When a rock icon like Paul McCartney releases a new album, it always presents a dilemma for music reviewers like me. What the hell are you gonna say negative about Paul McCartney? It’s friggin’ Paul McCartney! See my point? If you listen to the album and don’t think it’s awesome, it would almost be better to gloss over it than to actually review it.
Thankfully, with his sixteenth (!) solo album New, Sir Paul has eliminated that dilemma for me; in fact, I couldn’t wait to write my review.
Turns out that unlike so many celebrities today whose only claim to fame is, um, being famous (or shaking their ass on the VMAs), Paul McCartney is an icon for a real reason: he’s a masterful musician, and he’s got decades of history to prove it. And he’s proven it yet again here. At 71, he could easily rest on his ample laurels and coast into retirement, and no one would think any the worse. Instead, with the help of a-list producers such as Mark Ronson, Paul Epworth and Ethan Johns, the former Beatle has crafted an album that easily stands toe to toe with any of his earlier work.
Rather than striving to prove its own relevance, New plays to McCartney’s strengths as an artist, effortlessly walking the line between classic Beatlesque melodies and modern arrangements. Nothing seems contrived, in my opinion; the nostalgic piano-driven pop of title track “New” somehow seems equally at home on the tracklist alongside the moody, loop-driven electro-groove of “Appreciate.” The production team wisely avoided any perceived effort to “re-tool” McCartney for the twenty-teens. Rather, they created a diverse sonic palate as a backdrop to showcase what has always been Paul McCartney’s greatest strength: the songwriting. In this regard, Sir Paul remains ever the innovator, masterfully combining thoughtful lyricism with creative chord changes and equally creative arrangements, yet somehow keeping it accessible to the masses. Whether he’s belting out rock anthems like “Save Us” and “I Can Bet”, or captivating us with the mundane in the reflective “On My Way to Work,” he once again shows himself to be both storyteller and showman.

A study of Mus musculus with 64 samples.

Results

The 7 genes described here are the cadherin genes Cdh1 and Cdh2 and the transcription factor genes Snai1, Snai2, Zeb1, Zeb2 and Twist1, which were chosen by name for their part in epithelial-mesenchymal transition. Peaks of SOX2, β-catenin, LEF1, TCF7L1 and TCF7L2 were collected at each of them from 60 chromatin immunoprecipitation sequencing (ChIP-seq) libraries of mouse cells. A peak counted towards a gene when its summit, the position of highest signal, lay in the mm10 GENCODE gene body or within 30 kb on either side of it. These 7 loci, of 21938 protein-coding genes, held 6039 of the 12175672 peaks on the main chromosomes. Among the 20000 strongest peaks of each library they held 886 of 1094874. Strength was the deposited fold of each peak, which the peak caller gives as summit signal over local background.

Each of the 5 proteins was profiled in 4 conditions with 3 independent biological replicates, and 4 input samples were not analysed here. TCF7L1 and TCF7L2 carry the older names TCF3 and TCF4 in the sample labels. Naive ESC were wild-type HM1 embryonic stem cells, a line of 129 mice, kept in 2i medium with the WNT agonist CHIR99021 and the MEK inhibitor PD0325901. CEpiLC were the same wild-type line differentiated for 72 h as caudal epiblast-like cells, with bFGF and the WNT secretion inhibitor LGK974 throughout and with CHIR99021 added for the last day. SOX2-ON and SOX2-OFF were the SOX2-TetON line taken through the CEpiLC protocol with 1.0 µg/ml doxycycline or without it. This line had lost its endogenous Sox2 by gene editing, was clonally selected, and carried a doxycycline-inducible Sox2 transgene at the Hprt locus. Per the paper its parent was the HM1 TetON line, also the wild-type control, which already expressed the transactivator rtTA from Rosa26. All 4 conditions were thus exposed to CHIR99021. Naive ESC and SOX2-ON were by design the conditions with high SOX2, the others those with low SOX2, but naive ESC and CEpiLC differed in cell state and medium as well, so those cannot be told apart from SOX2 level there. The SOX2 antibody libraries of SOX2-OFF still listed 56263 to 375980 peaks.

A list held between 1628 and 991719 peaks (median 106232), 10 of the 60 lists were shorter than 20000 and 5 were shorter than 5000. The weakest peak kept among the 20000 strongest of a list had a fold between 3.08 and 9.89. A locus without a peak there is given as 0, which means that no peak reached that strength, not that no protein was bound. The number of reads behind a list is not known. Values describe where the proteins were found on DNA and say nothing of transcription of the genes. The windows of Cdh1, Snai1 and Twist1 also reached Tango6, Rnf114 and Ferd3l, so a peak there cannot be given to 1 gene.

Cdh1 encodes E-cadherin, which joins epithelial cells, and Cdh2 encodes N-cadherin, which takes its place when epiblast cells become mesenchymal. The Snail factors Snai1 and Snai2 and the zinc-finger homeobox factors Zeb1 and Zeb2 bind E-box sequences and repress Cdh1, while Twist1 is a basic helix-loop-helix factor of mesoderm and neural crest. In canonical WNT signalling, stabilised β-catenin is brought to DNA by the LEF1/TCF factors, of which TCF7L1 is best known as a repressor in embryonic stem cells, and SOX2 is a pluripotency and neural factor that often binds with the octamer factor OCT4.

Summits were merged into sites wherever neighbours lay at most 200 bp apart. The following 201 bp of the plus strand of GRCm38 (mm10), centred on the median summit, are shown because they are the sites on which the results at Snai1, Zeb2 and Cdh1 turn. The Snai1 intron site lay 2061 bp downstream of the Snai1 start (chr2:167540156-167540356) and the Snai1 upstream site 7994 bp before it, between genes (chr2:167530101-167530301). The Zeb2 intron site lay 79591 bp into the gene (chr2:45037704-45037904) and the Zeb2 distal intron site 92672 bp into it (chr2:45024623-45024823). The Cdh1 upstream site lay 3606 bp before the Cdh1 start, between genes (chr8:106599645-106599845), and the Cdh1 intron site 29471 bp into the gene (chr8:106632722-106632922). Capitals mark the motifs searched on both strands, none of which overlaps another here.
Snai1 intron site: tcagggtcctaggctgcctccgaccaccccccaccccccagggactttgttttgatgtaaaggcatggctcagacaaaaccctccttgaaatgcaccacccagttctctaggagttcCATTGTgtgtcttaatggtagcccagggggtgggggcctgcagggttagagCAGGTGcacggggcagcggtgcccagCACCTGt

Part of McCartney’s staying power over the years has come from the fact that he has been a musical influencer. From the early days of The Beatles onward, countless young and emerging musical artists over several decades have cited him as a creative influence. While New certainly tips its hat to the past at times, the most remarkable aspect of it (and to me, the true meaning behind the title) is that it comes across as Paul McCartney continuing to charting his own path musically. He’s not copying anyone, nor is he trying to keep up; he is still setting the pace. At an age when most artists spend more time looking backward, McCartney is still looking forward. As a result, I have no doubt that New will continue Paul McCartney’s legacy of influencing and inspiring countless musicians and songwriters yet to come.